Supreme Court Examines Plea Bargaining and Ineffective Assistance of Counsel

The LA Times has a nice editorial examining the two plea bargaining cases heard by the Supreme Court last week - Frye and Cooper.  The cases address the issue of defendants who turned down plea deals due to attorney malpractice.  Should such defendants be able to recpature the deals they previously rejected?

Below is a portion of the LA Times piece.
In 2007, Galin E. Frye was charged by the state of Missouri with driving with a revoked license, a felony because he had several previous convictions. The district attorney offered Frye's lawyer a plea bargain under which Frye would serve only 90 days in prison. The lawyer, however, didn't inform Frye of the offer, and Frye ultimately pleaded guilty and received a three-year sentence.

The second case stemmed from a 2003 incident in which Anthony Cooper shot a woman in her buttock and thighs, causing serious injuries. Prosecutors offered Cooper's lawyers a plea deal in which he would serve a minimum sentence of 51 to 85 months. Cooper turned down the offer because his attorney inaccurately (and bizarrely) told him that he couldn't be convicted of intent to murder because his victim was shot below the waist. Cooper went to trial, was convicted and was sentenced to 185 to 360 months.
At oral arguments last week, some justices suggested that such errors were harmless if the defendant subsequently received a fair trial. But, as Cooper can attest, that's not true: Mistakes of this sort can be extremely harmful. Justice Elena Kagan succinctly summed up the injustice of penalizing defendants for the blunders of their lawyers: "Here the person is sitting in prison for three times as long as he would have been sitting in prison had he had effective assistance of counsel at the plea-bargaining stage."
The criminal justice system would grind to a halt if every defendant insisted on his right to trial. But even those who regard plea bargains as a necessary evil must acknowledge that they should be fair.
In a 1984 decision, the court defined ineffective assistance of counsel this way: "First, the defendant must show that counsel's performance was deficient. This requires showing that counsel made errors so serious that counsel was not functioning as the 'counsel' guaranteed the defendant by the 6th Amendment. Second, the defendant must show that the deficient performance prejudiced the defense." Those conditions are clearly met when an attorney fails to tell a client about a favorable plea offer or discourages him from accepting one on the basis of false information. The Supreme Court should so rule.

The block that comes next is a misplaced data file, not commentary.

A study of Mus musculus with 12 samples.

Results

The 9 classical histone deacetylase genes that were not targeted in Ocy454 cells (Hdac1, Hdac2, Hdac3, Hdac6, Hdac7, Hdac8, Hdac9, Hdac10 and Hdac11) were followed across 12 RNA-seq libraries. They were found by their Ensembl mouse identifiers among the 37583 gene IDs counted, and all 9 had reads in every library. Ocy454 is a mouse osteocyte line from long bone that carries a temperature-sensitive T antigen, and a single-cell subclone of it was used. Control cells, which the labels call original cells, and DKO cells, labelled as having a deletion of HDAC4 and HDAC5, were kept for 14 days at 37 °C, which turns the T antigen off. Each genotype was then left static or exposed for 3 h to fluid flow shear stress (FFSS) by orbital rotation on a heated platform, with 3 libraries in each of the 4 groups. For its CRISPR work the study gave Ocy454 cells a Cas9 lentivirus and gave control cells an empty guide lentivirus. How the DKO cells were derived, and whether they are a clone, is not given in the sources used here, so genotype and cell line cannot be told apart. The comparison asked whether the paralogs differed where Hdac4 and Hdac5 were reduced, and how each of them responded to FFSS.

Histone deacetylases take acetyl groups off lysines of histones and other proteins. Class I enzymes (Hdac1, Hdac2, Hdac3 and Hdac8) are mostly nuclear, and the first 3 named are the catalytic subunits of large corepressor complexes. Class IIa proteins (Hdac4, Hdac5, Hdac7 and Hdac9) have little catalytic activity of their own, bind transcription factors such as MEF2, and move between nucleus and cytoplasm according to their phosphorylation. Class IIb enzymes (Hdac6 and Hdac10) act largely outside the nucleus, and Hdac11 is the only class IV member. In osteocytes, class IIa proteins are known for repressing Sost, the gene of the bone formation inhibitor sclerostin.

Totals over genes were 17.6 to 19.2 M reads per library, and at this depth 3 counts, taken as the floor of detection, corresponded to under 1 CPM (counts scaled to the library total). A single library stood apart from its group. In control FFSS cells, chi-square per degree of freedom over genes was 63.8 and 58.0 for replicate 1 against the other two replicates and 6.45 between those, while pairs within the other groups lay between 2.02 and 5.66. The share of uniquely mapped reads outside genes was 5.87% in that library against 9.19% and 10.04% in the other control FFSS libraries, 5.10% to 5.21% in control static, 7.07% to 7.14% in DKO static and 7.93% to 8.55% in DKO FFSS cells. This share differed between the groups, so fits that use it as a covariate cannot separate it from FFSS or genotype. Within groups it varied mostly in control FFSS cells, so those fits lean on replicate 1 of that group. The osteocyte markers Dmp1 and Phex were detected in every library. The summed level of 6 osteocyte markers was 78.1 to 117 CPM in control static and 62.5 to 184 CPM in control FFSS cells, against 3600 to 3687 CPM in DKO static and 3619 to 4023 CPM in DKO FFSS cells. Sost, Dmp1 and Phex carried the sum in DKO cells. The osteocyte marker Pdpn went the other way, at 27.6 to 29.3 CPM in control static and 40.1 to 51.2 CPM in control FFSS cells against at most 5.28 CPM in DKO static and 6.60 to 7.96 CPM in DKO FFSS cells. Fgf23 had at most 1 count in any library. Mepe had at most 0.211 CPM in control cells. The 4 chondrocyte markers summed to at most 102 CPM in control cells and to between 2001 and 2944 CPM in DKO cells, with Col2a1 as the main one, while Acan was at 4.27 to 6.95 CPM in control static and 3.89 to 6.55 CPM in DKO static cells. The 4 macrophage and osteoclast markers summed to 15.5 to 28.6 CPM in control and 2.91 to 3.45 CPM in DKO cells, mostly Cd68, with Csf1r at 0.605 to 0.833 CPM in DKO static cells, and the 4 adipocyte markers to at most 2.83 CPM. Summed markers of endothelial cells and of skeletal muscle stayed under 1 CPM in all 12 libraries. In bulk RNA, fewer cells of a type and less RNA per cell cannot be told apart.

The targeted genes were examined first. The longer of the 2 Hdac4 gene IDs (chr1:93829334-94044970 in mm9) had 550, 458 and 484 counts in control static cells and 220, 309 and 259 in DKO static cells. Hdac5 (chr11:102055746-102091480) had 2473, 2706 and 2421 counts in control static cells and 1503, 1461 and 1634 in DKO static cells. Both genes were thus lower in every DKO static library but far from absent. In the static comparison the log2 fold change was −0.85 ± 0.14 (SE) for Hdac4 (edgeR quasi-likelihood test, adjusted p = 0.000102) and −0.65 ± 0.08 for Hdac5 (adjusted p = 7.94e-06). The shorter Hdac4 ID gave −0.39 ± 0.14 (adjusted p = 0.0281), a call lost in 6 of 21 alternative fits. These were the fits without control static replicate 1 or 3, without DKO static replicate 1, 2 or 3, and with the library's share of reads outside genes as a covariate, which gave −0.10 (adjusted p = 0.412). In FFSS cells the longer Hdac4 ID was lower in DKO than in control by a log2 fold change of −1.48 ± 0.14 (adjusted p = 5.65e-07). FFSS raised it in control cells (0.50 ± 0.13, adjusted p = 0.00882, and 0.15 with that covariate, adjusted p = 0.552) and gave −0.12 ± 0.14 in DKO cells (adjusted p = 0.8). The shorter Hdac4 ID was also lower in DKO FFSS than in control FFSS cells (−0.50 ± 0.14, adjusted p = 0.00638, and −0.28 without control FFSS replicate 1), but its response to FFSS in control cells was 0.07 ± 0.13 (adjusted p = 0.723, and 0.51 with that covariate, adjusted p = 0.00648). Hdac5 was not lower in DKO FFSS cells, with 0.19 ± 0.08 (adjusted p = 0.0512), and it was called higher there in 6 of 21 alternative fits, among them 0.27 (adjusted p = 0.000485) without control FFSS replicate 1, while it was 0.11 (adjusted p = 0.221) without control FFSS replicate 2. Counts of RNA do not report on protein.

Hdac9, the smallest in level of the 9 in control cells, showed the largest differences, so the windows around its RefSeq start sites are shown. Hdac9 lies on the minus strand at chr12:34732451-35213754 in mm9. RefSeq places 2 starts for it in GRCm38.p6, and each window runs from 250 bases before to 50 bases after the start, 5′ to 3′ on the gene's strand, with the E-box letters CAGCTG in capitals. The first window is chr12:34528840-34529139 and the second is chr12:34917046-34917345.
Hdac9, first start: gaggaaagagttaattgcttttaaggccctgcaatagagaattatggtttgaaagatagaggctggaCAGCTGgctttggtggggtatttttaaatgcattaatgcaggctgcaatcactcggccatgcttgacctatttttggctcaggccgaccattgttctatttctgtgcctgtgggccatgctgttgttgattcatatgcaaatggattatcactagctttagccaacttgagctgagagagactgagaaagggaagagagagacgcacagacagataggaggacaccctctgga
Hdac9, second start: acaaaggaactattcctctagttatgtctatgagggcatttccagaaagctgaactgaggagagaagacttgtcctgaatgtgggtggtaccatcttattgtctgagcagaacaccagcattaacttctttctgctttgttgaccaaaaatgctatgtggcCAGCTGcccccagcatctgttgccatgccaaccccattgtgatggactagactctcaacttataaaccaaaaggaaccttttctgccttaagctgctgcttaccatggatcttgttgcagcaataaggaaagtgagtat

An ongoing discussion regarding the cases is available at the Scotus Blog here

The transcripts from the Supreme Court arguments are availabe here.

In an article that will appear later this year in the Utah Law Review, I take on the issue of plea bargaining and its constitutionality as currently utilized by prosecutors. The abstract reads as follows.

If any number of attorneys were asked in 2004 whether Lea Fastow’s plea bargain in the Enron case was constitutional, the majority would respond with a simple word – Brady. Yet while the 1970 Supreme Court decision Brady v. United States authorized plea bargaining as a form of American justice, the case also contained a vital caveat that has been largely overlooked by scholars, practitioners, and courts for almost forty years. Brady contains a safety-valve that caps the amount of pressure that may be asserted against defendants by prohibiting prosecutors from offering incentives in return for guilty pleas that are so coercive as to overbear defendants’ abilities to act freely. Further, as a means to discern whether the safety-valve fails in the future and prosecutors are offering unconstitutional incentives, the Brady Court created a litmus test regarding innocent defendants. The Court stated that should the plea bargaining system begin to operate in a manner resulting in a significant number of innocent defendants pleading guilty the Court would be forced to reexamine the constitutionality of bargained justice. That plea bargaining today has a significant innocence problem indicates that the Brady safety-valve has failed and, as a result, the constitutionality of modern day plea bargaining is in great doubt.

The plea bargaining article is available here.  A follow-up article discussing the topic further and examining the prevalence of innocent people who falsely confess through plea bargains will be available later this year.